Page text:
Back when it was announced that Will Smith would play the infamous Genie from the lamp in Guy Ritchie's live-action take on Disney's Aladdin, I expected the Fresh Prince to maybe voice a character who would be created by CGI, or possibly animation. The Genie is such an exaggerated character, the last thing I expected was a live-action, realistic take on the mystical being. And yet, that's exactly what we are going to get, as Disney brought footage from Aladdin to CinemaCon, and we were in the audience.
Guy Ritchie signed on to deliver a live-action Aladdin for Disney in 2019. It will be the second of three live-action takes on an animated classic coming that year, as Tim Burton also has Dumbo arriving in March (we saw footage from that film at CinemaCon, as well, and it looked amazing). The behind-the-scenes footage showed Aladdin's extensive recreation of the town of Agrabah as a physical set. It introduced the leads in Mena Massoud and Naomi Scott, playing Aladdin and Princess Jasmine, respectively.
And then there was Will Smith's Genie... and it wasn't quite what I was expecting. At the start of the Aladdin presentation, it was made crystal clear that Smith is not trying to replicate Robin Williams' iconic performance from the animated feature. How could he? And why would he try? But I didn't expect the Genie to just be human Will Smith, albeit with a shaved head and a swirl of long ponytail hair that's in character, but odd. The character was described at the panel as "a little Fresh Prince, a little Hitch, and a whole lot of attitude." At one point, we see Smith in drag, posing with women dressed similarly, and he cracks how it's hard to tell which one isn't the woman.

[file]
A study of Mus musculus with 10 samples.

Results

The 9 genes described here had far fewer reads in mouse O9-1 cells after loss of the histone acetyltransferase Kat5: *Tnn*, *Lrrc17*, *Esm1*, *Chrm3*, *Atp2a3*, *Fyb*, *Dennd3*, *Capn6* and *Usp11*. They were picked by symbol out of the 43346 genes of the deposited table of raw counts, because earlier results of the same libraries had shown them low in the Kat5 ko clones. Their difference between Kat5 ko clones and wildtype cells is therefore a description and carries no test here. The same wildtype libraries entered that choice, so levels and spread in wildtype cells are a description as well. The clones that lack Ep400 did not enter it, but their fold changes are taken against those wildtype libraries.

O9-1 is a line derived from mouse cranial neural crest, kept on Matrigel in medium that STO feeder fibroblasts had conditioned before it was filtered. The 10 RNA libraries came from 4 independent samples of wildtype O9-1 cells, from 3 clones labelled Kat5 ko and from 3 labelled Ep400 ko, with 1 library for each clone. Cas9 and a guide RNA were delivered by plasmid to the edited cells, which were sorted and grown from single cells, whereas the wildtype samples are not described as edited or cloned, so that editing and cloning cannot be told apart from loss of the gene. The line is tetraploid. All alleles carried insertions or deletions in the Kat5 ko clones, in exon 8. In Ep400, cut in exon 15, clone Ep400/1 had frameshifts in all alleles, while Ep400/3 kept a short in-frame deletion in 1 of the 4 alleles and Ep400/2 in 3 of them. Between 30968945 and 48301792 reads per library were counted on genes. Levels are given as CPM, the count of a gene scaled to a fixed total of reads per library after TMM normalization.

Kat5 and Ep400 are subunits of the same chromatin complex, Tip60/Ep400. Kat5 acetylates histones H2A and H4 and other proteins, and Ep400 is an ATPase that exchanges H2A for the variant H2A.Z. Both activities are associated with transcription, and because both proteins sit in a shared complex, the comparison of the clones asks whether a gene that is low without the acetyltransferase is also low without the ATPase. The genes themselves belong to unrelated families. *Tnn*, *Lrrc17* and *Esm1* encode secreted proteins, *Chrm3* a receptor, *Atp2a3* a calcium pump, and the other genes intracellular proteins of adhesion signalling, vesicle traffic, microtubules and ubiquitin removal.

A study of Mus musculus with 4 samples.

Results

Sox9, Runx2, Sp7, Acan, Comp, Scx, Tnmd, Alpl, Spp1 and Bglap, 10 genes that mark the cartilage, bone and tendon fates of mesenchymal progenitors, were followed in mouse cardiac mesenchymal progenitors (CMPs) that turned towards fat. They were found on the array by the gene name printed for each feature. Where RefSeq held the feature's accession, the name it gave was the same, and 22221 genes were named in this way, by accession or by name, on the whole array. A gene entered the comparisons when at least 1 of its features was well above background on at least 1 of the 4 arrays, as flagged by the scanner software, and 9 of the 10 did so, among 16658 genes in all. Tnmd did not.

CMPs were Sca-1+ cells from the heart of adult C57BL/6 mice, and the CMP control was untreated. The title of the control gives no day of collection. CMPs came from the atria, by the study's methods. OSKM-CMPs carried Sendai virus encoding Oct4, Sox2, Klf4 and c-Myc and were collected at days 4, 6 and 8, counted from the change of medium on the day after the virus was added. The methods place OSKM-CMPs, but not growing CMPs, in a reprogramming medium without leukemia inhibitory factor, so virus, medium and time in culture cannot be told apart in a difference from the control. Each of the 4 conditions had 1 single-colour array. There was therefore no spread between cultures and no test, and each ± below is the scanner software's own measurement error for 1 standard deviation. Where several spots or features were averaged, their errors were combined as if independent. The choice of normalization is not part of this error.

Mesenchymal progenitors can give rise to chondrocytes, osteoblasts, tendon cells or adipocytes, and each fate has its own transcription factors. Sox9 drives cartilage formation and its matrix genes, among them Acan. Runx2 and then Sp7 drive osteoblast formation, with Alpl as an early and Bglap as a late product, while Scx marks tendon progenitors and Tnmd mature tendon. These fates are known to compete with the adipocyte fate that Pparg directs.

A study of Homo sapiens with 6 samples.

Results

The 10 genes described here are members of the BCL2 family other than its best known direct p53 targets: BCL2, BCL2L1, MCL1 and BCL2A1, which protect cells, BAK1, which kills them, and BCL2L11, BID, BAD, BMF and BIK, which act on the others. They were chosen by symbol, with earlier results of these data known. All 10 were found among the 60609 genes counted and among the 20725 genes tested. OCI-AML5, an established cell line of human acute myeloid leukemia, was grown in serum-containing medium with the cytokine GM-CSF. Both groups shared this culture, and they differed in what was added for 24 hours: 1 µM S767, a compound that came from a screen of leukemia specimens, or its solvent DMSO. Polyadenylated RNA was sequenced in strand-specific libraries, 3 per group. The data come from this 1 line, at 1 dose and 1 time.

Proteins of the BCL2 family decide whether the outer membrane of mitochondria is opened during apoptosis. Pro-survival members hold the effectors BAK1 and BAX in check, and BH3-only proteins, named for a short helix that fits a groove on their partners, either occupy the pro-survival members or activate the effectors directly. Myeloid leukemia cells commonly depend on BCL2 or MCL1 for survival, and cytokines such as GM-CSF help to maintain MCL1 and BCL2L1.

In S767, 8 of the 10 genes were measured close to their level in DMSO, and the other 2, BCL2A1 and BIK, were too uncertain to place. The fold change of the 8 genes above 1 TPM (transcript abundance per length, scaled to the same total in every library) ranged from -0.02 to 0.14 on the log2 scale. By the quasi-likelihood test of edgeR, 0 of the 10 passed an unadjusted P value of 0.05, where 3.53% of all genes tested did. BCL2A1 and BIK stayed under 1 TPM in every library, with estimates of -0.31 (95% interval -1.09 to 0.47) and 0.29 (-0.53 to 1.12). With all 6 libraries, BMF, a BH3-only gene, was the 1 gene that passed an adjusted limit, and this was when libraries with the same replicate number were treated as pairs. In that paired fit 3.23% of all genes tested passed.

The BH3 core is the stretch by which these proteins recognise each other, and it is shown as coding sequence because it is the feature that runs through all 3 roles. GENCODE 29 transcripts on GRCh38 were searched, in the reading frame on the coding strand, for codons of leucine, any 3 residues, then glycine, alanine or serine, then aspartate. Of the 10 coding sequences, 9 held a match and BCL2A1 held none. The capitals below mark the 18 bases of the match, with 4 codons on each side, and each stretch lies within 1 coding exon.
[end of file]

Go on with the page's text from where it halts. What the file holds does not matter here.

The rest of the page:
The garb on Will Smith is definitely period appropriate -- vests and scarves and billowy Genie pants. But again, my expectations were set on onething else, so it took a moment to process that for the live-action Aladdin, Will Smith was going to be... live. I know, it sounds funny to say it that way. But when he stood near Mena Massoud in scenes, I found it off-putting because Genie always towered over Aladdin in the animated feature:
Still, this movie is not that. From the footage that we saw, Guy Ritchie is bringing a bit of Bollywood to Disney's classic musical, with bright and colorful dance sequences that include numerous dancers breaking out into song. The action seemed purposefully exaggerated, with Aladdin bouncing off of awnings around town as he avoided capture. The camera seemed to use the Guy Ritchie signature POV shots, and it all had a lot of energy.
And Will Smith's Genie looked like Will Smith. Odd.